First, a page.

Selling off the family silver

Is the state museum building at risk?

Endangered.
Photo BY DAVID HINE

 

Bruce Rauner’s campaign to destroy the Illinois State Museum risks losing tourist income, the services of top scientists and administrators and priceless artifacts, not to mention any claim Illinois might make to being a civilized commonwealth. Might there be yet one more loss – the loss of the museum building at Spring and Edwards?

I think it’s a very good building in strictly architectural terms, regardless of what’s inside it. (I don’t know who to compliment; none of the accounts of its construction I have read mentioned the name of the architect.) Press accounts in the day said that “the exterior will be of the monumental type” appropriate for the setting, “monumental” meaning that it was clad in the same limestone and polished granite used in every other building, hell in every water fountain in the state complex. (The building is best revealed from a distance, say, from diagonally across the intersection of Spring and Edwards.) But it is strikingly Modern in being handsome rather than beautiful and boasting public space that tries to explain itself to visitors rather than impress them – a connoisseur’s building.

Rauner already has endorsed selling off the family silver to pay the rent by pricing out the Thompson Center. The site has profit potential; surely a well-heeled lobbying group would pay handsomely to be able to build offices so close to the Statehouse that they could blow kisses to favorite lawmakers through an open window. However, that building – nearly windowless and with extra-high ground floor spaces on a cramped lot – was built specifically for the museum, and it would be as tricky to repurpose as Helmut Jahn’s glass big top in the Loop. But while the State of Illinois can do wonders with dropped ceilings and drywall, converting the museum building for conventional bureaucratic uses is pointless if Mr. Rauner gets his way, because there won’t be a conventional bureaucracy to house.

Seriously, that building’s specialized layout might prove to be its doom. It would take imagination and daring to convert such a building, and the state has never shown much of either in its property dealings. It also would take money. Mr. Rauner’s only revenue policy so far as I can tell is to ask a rich person for money to run state facilities; this, to borrow a favorite phrase of the governor, is not sustainable. While there’s been no talk of razing the 55-year-old building, Richie Daley gave no warning before he ordered City of Chicago backhoes into Meigs Field after dark to tear up the runway after he became frustrated with the opposition to his plan to shut that airport down.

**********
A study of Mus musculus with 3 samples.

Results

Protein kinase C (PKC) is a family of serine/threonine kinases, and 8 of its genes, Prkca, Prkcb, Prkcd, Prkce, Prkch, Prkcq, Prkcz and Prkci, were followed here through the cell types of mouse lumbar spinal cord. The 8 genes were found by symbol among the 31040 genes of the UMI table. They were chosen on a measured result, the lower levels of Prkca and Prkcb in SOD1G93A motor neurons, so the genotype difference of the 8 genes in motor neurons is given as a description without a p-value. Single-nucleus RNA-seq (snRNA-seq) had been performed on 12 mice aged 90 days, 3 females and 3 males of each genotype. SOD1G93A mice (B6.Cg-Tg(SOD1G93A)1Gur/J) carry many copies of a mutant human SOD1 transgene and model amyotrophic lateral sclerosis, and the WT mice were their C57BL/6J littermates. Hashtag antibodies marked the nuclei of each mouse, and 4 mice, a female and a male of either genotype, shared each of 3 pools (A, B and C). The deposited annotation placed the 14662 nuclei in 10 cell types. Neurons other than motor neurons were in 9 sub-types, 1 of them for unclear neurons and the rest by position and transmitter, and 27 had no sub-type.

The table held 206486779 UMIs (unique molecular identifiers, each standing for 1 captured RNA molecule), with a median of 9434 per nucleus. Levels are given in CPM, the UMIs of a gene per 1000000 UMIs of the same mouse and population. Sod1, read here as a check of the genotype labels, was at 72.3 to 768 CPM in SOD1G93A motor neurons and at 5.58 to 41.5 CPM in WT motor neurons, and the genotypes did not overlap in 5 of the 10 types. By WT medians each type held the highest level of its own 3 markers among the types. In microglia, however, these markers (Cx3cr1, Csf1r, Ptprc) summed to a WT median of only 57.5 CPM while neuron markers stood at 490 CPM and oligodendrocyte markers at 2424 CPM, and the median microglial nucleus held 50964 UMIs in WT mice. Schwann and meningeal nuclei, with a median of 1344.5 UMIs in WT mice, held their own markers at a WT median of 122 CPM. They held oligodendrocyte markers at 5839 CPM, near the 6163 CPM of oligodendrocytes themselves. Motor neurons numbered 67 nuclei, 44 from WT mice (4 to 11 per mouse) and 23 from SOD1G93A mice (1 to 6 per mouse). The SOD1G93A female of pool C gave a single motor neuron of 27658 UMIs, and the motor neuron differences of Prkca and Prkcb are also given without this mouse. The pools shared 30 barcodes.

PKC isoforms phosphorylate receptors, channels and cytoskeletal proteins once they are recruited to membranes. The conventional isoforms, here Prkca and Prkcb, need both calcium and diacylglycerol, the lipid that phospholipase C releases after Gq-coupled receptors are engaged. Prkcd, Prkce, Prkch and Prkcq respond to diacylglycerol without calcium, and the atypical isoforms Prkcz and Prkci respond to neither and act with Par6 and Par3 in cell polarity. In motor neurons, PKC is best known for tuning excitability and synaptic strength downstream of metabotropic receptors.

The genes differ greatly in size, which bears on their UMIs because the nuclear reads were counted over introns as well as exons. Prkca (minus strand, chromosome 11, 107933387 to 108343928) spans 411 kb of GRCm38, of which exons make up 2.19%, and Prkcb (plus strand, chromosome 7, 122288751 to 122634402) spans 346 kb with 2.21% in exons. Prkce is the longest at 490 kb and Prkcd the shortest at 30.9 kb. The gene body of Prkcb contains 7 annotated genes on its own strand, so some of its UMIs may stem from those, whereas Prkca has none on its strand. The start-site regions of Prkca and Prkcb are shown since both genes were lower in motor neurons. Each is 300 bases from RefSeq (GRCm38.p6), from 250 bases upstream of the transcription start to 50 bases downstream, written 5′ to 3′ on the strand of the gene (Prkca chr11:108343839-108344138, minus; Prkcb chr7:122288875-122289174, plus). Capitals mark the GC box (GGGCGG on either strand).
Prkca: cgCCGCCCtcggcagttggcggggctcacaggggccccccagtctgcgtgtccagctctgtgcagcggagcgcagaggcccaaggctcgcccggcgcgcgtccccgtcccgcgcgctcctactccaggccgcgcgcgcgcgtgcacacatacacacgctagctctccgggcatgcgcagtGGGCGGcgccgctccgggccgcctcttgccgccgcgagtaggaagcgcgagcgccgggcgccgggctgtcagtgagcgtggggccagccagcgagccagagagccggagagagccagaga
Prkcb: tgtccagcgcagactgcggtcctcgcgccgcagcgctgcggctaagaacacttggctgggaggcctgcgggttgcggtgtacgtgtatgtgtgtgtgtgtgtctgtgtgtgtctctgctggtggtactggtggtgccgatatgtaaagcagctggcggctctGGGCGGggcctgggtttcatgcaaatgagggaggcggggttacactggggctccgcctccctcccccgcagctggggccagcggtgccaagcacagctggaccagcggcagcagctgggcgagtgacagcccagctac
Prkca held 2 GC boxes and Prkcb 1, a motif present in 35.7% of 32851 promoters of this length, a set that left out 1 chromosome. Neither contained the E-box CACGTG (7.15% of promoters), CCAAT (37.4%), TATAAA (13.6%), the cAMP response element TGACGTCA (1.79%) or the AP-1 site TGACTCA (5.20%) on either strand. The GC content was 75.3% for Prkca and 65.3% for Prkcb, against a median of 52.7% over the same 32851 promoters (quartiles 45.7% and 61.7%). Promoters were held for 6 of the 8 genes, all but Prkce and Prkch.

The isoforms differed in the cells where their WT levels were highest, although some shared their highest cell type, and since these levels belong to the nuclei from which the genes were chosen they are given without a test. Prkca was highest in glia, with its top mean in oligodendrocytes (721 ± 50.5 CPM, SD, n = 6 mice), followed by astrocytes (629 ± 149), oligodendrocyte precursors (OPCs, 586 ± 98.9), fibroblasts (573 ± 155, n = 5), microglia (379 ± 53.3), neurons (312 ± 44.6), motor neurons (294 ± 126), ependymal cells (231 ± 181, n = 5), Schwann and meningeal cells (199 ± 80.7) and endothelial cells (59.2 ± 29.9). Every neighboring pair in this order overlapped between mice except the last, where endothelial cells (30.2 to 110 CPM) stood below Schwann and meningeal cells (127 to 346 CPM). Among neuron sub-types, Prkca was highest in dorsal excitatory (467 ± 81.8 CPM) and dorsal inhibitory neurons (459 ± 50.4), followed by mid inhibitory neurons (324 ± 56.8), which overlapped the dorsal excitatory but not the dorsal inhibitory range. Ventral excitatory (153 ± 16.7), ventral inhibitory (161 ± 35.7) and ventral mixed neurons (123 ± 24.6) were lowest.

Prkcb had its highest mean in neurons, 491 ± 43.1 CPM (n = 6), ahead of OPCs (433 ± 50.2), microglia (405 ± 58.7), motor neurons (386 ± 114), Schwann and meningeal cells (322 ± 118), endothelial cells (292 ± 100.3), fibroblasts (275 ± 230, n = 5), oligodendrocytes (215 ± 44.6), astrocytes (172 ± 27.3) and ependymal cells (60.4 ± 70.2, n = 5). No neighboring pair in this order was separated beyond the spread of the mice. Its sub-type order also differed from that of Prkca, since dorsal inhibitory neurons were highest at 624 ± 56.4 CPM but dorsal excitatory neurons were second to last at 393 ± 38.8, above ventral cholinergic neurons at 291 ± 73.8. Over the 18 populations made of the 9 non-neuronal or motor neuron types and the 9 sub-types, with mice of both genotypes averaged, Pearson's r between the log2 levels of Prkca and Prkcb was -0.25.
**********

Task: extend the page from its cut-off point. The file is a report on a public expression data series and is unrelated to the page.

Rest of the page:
I think it more likely that the museum building will suffer a fate similar to that of the Illinois State Armory four blocks away. As I pointed out in this space in “Protecting the protector,” the armory has been starved of maintenance while state officials dither about what to do with it. When it came to the armory, the state behaved like your neighbor who let the roof of his house fall in because he keeps expecting to win the lottery so he can afford a new one. There were once “plans” to replace it, but plans to build anything in the Capitol complex are in fact little more than hopes.

The other day the SJ-R’s Tim Landis reminded us that a 2012 Illinois State Capitol Master Plan envisioned the armory as a new home for the Illinois State Museum. That would have solved three problems – 1) what do with the armory now that public safety is threatened not by men bearing arms but money, 2) how to provide the museum with a larger setting for its anthropological and natural history exhibits and 3) how to provide proper exhibition space for the state’s art collection, by converting the present building into an art museum.  

Is it nuts to worry that the state museum building might be torn down? I don’t like to think so. I prefer to think that dithering will in this case serve the public interest, that Illinois will eventually emerge from Raunerism as from a fever, and we will get our museum back bit by bit. But then it was nuts two years ago to worry that the museum inside it might be closed. One of the themes that runs through the anthropological exhibits of the shuttered State Museum is the collapse of past cultures in what is now the state of Illinois. It would be a pity if future Illinoisans don’t have a museum where they might learn about the collapse of this one.   

Contact James Krohe Jr. at KroJnr@gmail.com.